We may still have English cricketers who display the stuff of which heroes are made – all-rounder Andrew Flintoff and spin-bowler Monty Panesar, for example, have both attracted huge personal followings amongst England fans – but somehow we struggle to produce players who achieve the legendary stature of a Geoff Boycott or an Ian Botham. It isn’t a question of talent or ability: our current players have both. Perhaps there is a certain individuality or spark of rebelliousness that has yet to show itself, for those qualities were certainly manifest in both Botham and Boycott: Botham with his attacking, sometimes reckless, approach and Boycott with his stubborn, defensive style, doing his own thing, sometimes to the frustration of his captain and team mates.
For a wonderful moment during the early 1980s, English cricket hit a wild, unpredictable peak. People of limited attention span, who usually considered the game less entertaining than football, found themselves mesmerised by their TV screens as Ian Botham, a recently resigned former England captain with an inconsistent record and a controversial public profile, proved himself to be the world’s most outstanding all-rounder, and the all but single-handed saviour of England’s 1981 Ashes series against Australia – a series still known as ‘Botham’s Ashes’.
Even if he had never played another stroke or bowled another over, Botham’s place in sporting history would have been secure. While captaincy was clearly not his natural role, when free to concentrate on playing the game, his achievements could be spectacular. The ‘81 Ashes saw Botham produce 399 runs and take 34 wickets. At the beginning of the series an Australian win seemed to be clearly on the cards, but in the end, largely thanks to Botham’s determination and power, England retained the Ashes with a 3-1 victory.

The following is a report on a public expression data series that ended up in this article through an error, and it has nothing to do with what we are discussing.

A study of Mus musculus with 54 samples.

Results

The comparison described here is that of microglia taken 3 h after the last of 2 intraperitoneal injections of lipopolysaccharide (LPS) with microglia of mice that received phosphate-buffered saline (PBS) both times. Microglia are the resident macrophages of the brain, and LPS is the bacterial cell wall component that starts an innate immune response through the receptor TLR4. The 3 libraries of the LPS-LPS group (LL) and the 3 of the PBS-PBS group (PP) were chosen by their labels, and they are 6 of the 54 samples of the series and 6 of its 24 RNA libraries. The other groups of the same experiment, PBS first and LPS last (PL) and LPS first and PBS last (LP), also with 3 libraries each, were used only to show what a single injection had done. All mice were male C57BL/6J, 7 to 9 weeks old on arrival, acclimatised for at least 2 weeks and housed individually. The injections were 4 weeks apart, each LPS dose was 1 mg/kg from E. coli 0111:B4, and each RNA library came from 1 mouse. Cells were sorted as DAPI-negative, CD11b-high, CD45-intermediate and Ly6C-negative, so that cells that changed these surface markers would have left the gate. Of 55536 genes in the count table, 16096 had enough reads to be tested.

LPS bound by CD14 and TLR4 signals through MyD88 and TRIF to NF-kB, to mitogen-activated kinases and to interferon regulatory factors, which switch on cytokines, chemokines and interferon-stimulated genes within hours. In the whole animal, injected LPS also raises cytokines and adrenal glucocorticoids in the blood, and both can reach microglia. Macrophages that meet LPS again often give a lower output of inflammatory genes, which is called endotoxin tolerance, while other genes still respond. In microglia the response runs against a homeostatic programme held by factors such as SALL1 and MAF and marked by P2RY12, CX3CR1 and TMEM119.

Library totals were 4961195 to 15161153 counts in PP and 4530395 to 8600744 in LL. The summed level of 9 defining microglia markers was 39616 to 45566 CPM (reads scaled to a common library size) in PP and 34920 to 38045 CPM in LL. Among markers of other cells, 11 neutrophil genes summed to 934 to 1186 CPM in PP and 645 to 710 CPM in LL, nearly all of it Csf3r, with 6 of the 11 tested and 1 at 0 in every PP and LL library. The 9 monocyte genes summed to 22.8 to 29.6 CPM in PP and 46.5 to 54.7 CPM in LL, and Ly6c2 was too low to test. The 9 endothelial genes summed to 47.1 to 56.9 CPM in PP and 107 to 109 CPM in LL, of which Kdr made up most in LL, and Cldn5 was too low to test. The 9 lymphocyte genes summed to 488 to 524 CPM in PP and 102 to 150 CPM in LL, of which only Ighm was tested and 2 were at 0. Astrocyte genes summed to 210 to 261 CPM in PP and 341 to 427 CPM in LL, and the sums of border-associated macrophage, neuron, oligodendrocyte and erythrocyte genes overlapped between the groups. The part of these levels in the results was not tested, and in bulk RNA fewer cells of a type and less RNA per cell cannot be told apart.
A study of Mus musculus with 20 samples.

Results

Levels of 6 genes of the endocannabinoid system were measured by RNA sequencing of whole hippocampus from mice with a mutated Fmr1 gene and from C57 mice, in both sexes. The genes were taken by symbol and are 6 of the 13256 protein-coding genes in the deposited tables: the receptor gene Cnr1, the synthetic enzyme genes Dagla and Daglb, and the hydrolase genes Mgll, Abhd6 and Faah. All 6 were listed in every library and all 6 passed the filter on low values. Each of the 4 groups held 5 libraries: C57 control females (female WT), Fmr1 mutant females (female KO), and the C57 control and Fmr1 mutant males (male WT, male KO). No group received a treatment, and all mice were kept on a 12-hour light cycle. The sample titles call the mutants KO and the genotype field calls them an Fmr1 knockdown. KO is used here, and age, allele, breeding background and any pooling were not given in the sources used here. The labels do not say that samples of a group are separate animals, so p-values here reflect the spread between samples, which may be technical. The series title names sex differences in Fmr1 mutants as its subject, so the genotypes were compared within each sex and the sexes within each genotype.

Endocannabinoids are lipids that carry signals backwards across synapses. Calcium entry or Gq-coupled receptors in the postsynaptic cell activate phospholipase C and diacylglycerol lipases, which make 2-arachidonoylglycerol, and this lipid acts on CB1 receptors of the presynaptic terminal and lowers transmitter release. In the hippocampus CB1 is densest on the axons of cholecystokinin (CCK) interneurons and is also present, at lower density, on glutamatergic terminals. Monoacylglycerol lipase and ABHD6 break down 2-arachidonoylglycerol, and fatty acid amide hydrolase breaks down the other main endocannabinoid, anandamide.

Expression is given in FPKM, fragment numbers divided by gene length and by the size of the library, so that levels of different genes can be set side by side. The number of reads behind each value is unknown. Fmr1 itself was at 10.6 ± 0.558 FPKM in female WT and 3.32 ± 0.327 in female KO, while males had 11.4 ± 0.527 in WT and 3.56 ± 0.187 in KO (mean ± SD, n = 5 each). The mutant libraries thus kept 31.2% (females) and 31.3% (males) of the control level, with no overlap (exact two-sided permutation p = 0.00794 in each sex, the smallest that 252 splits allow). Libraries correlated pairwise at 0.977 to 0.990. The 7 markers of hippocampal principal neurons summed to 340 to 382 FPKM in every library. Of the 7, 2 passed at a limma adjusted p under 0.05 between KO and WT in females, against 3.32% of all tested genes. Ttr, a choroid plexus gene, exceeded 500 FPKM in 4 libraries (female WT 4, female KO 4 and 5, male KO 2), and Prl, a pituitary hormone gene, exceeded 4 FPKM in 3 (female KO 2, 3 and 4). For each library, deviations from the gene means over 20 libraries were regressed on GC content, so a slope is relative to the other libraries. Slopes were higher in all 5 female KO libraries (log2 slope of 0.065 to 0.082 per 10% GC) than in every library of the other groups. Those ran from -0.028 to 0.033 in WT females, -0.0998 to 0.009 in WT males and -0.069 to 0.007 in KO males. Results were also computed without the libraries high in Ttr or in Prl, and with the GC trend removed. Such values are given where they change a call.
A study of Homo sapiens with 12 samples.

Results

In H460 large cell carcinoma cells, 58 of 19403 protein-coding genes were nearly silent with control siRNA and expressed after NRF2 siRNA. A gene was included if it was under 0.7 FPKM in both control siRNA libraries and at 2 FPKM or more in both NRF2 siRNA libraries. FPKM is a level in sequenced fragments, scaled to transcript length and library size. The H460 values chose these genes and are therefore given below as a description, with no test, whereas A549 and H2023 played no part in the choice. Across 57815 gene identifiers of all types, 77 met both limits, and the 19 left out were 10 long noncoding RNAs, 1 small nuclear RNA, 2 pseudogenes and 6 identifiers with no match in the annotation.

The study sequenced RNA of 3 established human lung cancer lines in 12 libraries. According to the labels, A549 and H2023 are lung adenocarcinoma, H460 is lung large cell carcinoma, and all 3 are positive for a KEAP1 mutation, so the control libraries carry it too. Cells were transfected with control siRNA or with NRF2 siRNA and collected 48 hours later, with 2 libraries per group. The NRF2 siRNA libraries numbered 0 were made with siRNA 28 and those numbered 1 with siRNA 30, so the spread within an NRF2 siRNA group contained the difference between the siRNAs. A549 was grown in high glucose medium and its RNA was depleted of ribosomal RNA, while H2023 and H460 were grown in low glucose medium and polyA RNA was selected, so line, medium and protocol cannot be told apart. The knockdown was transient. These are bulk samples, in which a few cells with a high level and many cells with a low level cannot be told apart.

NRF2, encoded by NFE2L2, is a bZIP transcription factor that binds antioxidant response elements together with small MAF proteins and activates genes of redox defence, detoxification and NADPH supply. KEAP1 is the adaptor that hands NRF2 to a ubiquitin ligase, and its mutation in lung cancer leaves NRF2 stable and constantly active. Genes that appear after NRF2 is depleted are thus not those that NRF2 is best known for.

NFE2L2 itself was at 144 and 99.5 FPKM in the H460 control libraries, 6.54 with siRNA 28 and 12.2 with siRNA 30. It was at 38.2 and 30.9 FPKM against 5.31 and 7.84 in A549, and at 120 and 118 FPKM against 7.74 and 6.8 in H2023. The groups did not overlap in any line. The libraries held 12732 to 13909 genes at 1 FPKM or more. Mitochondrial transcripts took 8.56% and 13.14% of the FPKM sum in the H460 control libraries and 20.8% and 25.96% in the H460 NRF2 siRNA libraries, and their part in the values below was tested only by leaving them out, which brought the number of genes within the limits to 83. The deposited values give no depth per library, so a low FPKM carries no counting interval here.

Ian Botham retired from professional sport in 1993, taking a bit of a rest before launching a new career as a commentator. The decision to retire from playing was made during a family holiday.
“We had a holiday home in the Channel Islands and Kath [Sir Ian’s wife] was there with the children. I told her I would be back in a couple of days and she asked what I meant, because I was supposed to be away for the whole of August. I said ‘No I’ve had enough, I’m retiring. We’re playing Australia for the next couple of days, but after that I’m retiring’. And that’s exactly what happened. I was back on the island three days later. Retired, finished, done and dusted.”
His cricketing years are well remembered and well documented. There is really not much we could write that hasn’t been covered elsewhere (for example, in Botham’s autobiography, Head On – Botham: The Autobiography), so when Regtransfers dropped in to deliver his new personal registration, B33 FYS (‘Beefy’s’), Sir Ian spoke to us about his current career and his interests outside the commentary box.
“A lot of people when they finish professional sport, they have this big, low drop, because they haven’t got that dressing room comradeship any more: the humour, the banter. I’ve been very lucky.
I’ve gone straight into the commentary box with a player I’ve played with and the people I’ve played against. So we still have that same humour and banter. I am very lucky in that sense. Not many people can say they get up in the morning and enjoy it, but my job is great. I go and see all the best cricket. I attempt to do the internationals.”
Including the England matches, presumably…
“I pull my hair out watching England at the moment. That’s why I cut it short!”
The comment is partly tongue in cheek. Botham has gone on record with praise for Kevin Pietersen, Andrew Flintoff, Monty Panesar and others.